The end of an era
My summer in Geneva was certainly one that I will never forget. Not only was I able to build my legal network by meeting interns from all over the world, including renowned public defenders, attorneys leading the fight against corrupt prisons in Rwanda and Burundi, and made friends with many fellow interns that are aspiring lawyers. Utilizing French every day increased my comprehension and speaking skills immensely, which was certainly one of my most significant takeaways. The most rewarding part of my internship was the friends that I have made.
Abi and I did not know each other at all before going to Geneva. We met after learning that we were the two interns selected to work at IBJ. From there, our friendship blossomed and we became travel buddies. Despite spending nearly every day together and working on most of our projects at IBJ together, we never got tired of each other. Abi invited me to travel to Italy with her for her birthday, which was one of the highlights of my summer. She also was always willing to go out and explore with me. Whether we went to la jonction for a dip in the river, or to la barje for sangria by the water, we shared so many experiences and stories together. I could not have asked for a better companion to go on this adventure with than Abi.
My journey home
When my lease at Citê Universitaire ended on August 13, I was in a bit of a bind. I had originally planned on traveling around Germany and Austria before catching my flight from Geneva to Copenhagen for an overnight layover, then back to the US. Unfortunately, it was not financially sound for me to go on that adventure, so instead, I used couchsurfing.com to find a host to stay with for 5 days. I stayed with a Parisian man named Stéphane. He is an avid cyclist and travels the world using Couchsurfing. Couchsurfing is similar to airbnb, but you always stay with a host, but it is free. There is certainly a risk on both ends because generally, the host has never met the surfer. Luckily, Stéphane had dozens of reviews, all of which were very positive. I had a great experience staying in his apartment in Carouge, which is a quaint and provincial subdivision on Geneva.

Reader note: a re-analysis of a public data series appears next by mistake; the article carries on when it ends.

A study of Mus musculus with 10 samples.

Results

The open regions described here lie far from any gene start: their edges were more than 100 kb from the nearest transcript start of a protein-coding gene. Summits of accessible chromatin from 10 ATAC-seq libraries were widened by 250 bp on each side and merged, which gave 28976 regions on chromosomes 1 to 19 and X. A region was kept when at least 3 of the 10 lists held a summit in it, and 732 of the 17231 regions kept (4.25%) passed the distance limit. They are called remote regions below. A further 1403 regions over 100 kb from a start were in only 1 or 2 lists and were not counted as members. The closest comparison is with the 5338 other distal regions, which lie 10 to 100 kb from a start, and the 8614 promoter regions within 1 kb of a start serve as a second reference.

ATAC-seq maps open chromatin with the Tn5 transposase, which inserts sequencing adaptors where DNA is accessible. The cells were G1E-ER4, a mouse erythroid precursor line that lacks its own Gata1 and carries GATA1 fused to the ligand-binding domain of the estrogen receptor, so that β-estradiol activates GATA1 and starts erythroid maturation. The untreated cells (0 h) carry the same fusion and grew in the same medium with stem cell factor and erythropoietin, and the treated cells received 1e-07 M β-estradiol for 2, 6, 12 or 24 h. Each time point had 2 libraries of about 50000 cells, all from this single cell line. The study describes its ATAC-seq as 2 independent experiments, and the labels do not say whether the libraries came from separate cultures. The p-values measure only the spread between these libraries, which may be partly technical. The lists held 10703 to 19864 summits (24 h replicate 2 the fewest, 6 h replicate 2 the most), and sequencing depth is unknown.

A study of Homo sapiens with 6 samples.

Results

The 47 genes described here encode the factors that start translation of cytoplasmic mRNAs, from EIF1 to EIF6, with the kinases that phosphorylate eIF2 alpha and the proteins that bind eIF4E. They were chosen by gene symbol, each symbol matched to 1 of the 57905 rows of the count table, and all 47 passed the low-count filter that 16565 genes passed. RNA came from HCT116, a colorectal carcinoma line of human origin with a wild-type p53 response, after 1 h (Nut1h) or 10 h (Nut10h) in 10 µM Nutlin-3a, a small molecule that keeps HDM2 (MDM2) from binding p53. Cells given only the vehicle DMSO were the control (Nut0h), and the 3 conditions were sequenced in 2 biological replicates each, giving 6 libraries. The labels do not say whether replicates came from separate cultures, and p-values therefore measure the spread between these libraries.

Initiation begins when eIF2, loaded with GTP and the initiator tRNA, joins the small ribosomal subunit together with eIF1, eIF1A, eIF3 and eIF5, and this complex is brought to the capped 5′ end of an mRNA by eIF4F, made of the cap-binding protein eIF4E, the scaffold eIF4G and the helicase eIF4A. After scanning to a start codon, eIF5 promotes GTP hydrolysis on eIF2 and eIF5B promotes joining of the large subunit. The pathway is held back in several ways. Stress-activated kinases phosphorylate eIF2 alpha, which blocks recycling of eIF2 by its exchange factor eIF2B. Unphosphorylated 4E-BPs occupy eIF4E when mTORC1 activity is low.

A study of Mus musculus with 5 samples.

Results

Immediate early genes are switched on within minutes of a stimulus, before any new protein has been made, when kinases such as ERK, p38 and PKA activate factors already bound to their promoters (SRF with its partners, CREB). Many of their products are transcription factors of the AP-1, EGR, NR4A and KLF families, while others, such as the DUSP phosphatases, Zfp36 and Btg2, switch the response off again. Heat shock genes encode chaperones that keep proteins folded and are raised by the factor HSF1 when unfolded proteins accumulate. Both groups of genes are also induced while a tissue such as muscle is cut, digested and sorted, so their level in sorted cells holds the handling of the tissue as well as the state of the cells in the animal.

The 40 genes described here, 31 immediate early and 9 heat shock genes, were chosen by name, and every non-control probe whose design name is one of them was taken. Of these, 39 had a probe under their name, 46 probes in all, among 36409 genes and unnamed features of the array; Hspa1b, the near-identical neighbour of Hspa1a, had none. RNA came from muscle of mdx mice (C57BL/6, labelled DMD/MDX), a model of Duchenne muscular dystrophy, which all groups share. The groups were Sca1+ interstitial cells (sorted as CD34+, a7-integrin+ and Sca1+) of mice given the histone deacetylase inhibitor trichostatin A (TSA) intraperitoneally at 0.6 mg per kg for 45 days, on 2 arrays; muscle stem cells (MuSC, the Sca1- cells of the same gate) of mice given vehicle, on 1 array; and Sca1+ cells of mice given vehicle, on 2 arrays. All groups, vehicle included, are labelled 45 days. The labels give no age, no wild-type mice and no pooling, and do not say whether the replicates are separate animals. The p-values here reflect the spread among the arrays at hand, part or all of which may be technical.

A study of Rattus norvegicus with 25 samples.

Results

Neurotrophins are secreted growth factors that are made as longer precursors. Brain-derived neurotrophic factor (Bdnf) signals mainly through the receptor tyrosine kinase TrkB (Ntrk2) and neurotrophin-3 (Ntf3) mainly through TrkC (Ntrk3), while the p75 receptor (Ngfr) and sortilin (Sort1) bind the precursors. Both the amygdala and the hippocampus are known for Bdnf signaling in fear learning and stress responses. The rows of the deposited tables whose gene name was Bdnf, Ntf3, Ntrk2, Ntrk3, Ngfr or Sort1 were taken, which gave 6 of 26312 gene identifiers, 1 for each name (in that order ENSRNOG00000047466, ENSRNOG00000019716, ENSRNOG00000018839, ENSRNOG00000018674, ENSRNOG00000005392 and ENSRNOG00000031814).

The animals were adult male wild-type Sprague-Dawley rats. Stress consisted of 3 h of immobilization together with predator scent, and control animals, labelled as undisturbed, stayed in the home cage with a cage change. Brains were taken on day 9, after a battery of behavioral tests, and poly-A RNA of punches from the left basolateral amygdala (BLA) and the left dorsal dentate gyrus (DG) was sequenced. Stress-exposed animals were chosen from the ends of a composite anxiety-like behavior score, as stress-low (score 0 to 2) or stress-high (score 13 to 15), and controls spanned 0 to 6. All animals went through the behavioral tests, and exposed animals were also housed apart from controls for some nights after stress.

After my stay with Stéphane, I boarded my flight from Geneva to Copenhagen for an overnight layover. One of the interns at IBJ, Carmen, became one of my good friends over the summer. She told me her sister, Margo, is in Copenhagen, so I coordinated with her to stay with her for my overnight layover. Margo explained to me that since her father is Danish, she has a Danish passport. But, she has to live in Denmark before she turns 22 or her citizenship will be revoked. She moved to Copenhagen and ended up loving it, so she is enrolling in a Master’s Program in Copenhagen. Denmark is paying for her to go to school. Not only is there no tuition, but they pay for her living expenses while she is in school. We stayed up late, chatting. Margo had actually interned at IBJ a few years ago, so we exchanged stories about our experiences.
The next day, August 18, I had most of the day to see Copenhagen before my flight took off. Denmark’s pride celebration was happening while I was in Copenhagen, so I saw pride flags adorning most of the shops and restaurants. Throngs of crowds also moved through the streets. I spent a few hours wandering through downtown until I needed to get to the airport. I was anxious nearly the entire flight from Copenhagen to Newark International Airport. I chose Newark as the airport to fly in and out of the US because it was the cheapest option. But, that meant I needed to find a way to get to and from DC. I had found a flixbus that left Madison Square Garden at around 11:45 and my flight was scheduled to land at around 9 PM, so I had less than 2 hours to get my luggage from baggage claim, hustle over from Newark airport to Madison Square Garden, and board the plane. Of course, my bag was the last one to get onto the belt. I called my partner, who had ordered the ticket for me and asked if I could push the bus back. Luckily, there was only a small fee to take the later bus. Once I got my bag, I boarded a bus to the train station, waited about 45 minutes for the train into NYC and ended up making it with several hours to spare. The bus ride back took several hours, most of which I was asleep. I made it to my partner’s apartment at around 6 AM, exhausted and jet lagged.
I barely had time to catch my breath when returning to the US. I made it home on Saturday morning, and school was scheduled to start that Monday, so I was in DC for barely 24 hours before I moved back to Williamsburg. My journey home was exhausting, but also a nice time for me to reflect on the last few months that I had spent in Geneva. I am very thankful for this opportunity and cannot wait for my next journey to Geneva. À bientôt!